Are Cruise Ships Destroying Coral Reefs in the Cayman Islands?

Divers caught video of a cruise ship anchor dragging across a coral reef in the Cayman Islands. (Image: Scott Prodahl/YouTube)

Cruise ships don’t have the best image when it comes to being environmentally friendly. And a new video doesn’t help: It shows the anchor of the MV Zenith cruise ship dragging across a section of coral reef off Grand Cayman island.

The underwater video was shot by Scott Prodahl, a dive instructor with Dan Foster’s Dive Cayman. When Prodahl saw the ship (operated by Spanish company Pullmantur Cruises) encroaching on the reef near the George Town port, he grabbed his camera and started filming. The video shows the anchor and chain lying across and damaging a section of the reef.

As reported by local news outlet Cayman 27, this area was a legitimate designated anchorage zone and the ship did have permission to drop anchor there.

“This was something that was done pretty much by the book,” Department of Environment Deputy Director Scott Slaybaugh told Cayman 27. “We would have a hard time saying that’s an offense, even though the law does state that any damage to coral reef is a violation of the law.”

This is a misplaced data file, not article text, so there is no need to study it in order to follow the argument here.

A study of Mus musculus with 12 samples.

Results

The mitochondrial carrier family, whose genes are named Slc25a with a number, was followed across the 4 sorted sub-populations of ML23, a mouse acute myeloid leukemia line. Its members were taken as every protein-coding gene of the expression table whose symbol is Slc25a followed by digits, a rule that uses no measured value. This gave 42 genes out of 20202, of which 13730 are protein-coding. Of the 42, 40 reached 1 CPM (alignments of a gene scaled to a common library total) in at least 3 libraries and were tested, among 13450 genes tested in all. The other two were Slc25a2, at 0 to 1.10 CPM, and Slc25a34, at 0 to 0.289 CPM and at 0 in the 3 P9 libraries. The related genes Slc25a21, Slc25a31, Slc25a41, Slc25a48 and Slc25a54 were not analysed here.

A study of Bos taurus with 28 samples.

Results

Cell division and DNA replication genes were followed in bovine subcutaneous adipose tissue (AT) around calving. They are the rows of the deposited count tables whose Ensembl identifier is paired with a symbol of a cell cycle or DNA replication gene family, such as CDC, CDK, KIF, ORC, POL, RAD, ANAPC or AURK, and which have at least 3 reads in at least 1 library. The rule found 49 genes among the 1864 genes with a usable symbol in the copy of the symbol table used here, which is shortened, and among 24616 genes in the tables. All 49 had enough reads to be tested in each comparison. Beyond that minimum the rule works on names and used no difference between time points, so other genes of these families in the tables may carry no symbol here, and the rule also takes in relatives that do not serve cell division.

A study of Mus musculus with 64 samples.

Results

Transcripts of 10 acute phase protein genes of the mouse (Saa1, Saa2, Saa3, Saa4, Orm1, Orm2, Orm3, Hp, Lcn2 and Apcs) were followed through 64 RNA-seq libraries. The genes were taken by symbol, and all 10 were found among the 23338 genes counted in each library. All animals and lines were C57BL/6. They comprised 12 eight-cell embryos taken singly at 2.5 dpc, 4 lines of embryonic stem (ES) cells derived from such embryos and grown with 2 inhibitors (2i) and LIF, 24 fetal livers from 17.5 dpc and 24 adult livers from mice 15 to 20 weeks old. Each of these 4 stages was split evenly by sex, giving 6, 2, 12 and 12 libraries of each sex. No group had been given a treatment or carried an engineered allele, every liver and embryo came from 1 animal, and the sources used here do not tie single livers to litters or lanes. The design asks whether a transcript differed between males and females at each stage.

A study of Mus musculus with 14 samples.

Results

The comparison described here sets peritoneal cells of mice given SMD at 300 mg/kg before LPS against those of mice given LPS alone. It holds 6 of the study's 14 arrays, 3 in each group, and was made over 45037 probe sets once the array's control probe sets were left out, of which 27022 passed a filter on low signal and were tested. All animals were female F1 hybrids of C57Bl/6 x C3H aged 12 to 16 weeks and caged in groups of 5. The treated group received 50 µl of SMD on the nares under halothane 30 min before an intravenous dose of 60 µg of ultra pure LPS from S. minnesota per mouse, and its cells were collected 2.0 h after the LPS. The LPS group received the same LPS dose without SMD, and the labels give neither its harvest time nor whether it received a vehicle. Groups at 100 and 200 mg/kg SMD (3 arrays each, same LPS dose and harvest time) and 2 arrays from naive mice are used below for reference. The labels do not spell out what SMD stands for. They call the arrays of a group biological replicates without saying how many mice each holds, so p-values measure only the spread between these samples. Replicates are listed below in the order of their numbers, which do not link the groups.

Ironically, this incident comes after a controversial decision this past October to build a new cruise port in George Town Harbor — one that would allow direct access to the shore (currently, ships dock offshore and passengers are ferried in). Opponents of the project estimate that it would require the dredging of 15 acres of coral reef, while others argue that the new berthing facility would actually be better for the environment.

Related: Cayman Islands to Build Cruise Port That Could Destroy the Environment

In August of 2014, the Carnival Magic’s anchor was also said to have caused reef damage; although the responsibility for that incident remains unclear (cruise lines? The local Port Authority?) and Carnival admitted no liability, the cruise line agreed to pay $100,000 to the Cayman Islands National Trust toward the Magic Reef Restoration Project.

The outcome of this latest anchor accident is yet to be decided.